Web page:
Last spring I was enrolled in an advanced placement American history course. My mom [Chapel Hill psychiatrist Linnea Smith] and dad weren't going to let me go down to Winston-Salem [for the record-breaking game] unless I brought my homework with me. It became this big deal in the newspaper: Coach Smith's daughter was reading her history book before the game.
Everybody was teasing me about it at school. It's not that I was bored, just that this was a Thursday night, a school night, and that was the rule before a game. Even that game.
When I got back to Atlanta the night he broke the record, watching his press conference on the news, I heard him say, "I want to recognize all the assistants who coached with me and all the players who played for me. I don't have time to name them all, but I could do it." Which I don't doubt. And then he said, "They all share in this moment, if indeed it is a moment." I thought, You've broken the alltime record. You can at least call it a moment.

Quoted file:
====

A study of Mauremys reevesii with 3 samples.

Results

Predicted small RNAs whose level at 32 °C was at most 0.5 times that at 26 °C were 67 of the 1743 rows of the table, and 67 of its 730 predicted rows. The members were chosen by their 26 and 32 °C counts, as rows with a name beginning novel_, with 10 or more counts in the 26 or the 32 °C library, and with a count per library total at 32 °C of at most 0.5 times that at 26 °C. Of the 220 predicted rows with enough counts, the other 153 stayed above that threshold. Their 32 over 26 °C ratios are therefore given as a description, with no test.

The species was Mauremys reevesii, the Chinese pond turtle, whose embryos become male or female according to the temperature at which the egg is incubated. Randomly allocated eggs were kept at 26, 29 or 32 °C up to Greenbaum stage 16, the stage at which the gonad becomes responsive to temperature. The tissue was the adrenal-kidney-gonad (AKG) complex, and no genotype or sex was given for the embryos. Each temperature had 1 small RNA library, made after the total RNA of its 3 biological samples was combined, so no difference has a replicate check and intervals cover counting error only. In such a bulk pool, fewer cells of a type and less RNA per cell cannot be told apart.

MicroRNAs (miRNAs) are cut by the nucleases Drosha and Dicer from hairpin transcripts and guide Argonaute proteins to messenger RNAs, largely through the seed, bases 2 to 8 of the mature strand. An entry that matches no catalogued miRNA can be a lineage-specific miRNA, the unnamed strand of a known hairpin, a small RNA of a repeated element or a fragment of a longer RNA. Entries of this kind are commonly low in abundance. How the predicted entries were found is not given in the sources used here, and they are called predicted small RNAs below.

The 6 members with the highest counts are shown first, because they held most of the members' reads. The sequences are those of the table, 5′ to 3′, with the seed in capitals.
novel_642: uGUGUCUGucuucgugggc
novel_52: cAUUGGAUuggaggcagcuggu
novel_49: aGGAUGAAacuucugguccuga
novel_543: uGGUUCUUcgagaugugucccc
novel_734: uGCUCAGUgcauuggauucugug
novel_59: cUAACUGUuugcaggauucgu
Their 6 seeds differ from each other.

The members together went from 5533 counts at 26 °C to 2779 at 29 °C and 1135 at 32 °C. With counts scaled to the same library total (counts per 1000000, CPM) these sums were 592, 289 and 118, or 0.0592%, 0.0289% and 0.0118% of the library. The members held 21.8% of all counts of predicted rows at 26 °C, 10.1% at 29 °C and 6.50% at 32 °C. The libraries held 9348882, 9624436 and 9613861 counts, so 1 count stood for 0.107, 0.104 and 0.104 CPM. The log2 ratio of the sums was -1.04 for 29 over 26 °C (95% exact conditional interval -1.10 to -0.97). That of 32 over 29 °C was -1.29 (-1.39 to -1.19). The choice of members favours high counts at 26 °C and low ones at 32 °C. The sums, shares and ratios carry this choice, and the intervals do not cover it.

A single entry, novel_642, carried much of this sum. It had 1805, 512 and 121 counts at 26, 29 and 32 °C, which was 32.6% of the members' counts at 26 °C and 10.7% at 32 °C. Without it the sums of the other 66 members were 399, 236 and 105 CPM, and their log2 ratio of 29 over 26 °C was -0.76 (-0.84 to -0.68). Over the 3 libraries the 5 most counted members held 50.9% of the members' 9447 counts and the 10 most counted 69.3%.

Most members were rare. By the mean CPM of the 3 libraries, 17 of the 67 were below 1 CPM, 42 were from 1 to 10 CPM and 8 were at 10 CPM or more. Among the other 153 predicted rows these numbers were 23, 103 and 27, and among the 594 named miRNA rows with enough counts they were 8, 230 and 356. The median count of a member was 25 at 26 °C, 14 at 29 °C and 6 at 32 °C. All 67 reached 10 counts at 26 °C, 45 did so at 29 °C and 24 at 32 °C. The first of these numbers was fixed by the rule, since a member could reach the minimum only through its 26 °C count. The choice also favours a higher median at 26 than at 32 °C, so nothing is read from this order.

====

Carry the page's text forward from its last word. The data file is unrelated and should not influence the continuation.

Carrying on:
REVEREND ROBERT SEYMOUR:
When I retired, he and others chided me for leaving. But I told them I'd rather leave when people want me to stay than have them dance in the streets when I left. And I think that was part of his thinking.
My phone rang in January. It was Dean. He said, "Bob, before each practice I give my team some brief words of wisdom. Today is Martin Luther King's birthday. Can you give me something he said?" I thought for a moment and said, "When evil men plot, good men plan."
He had a style that no one's ever going to copy. To be that smart, that psychologically aware, that good with X's and O's—with that system, and to always take the high road—that just isn't going to happen again.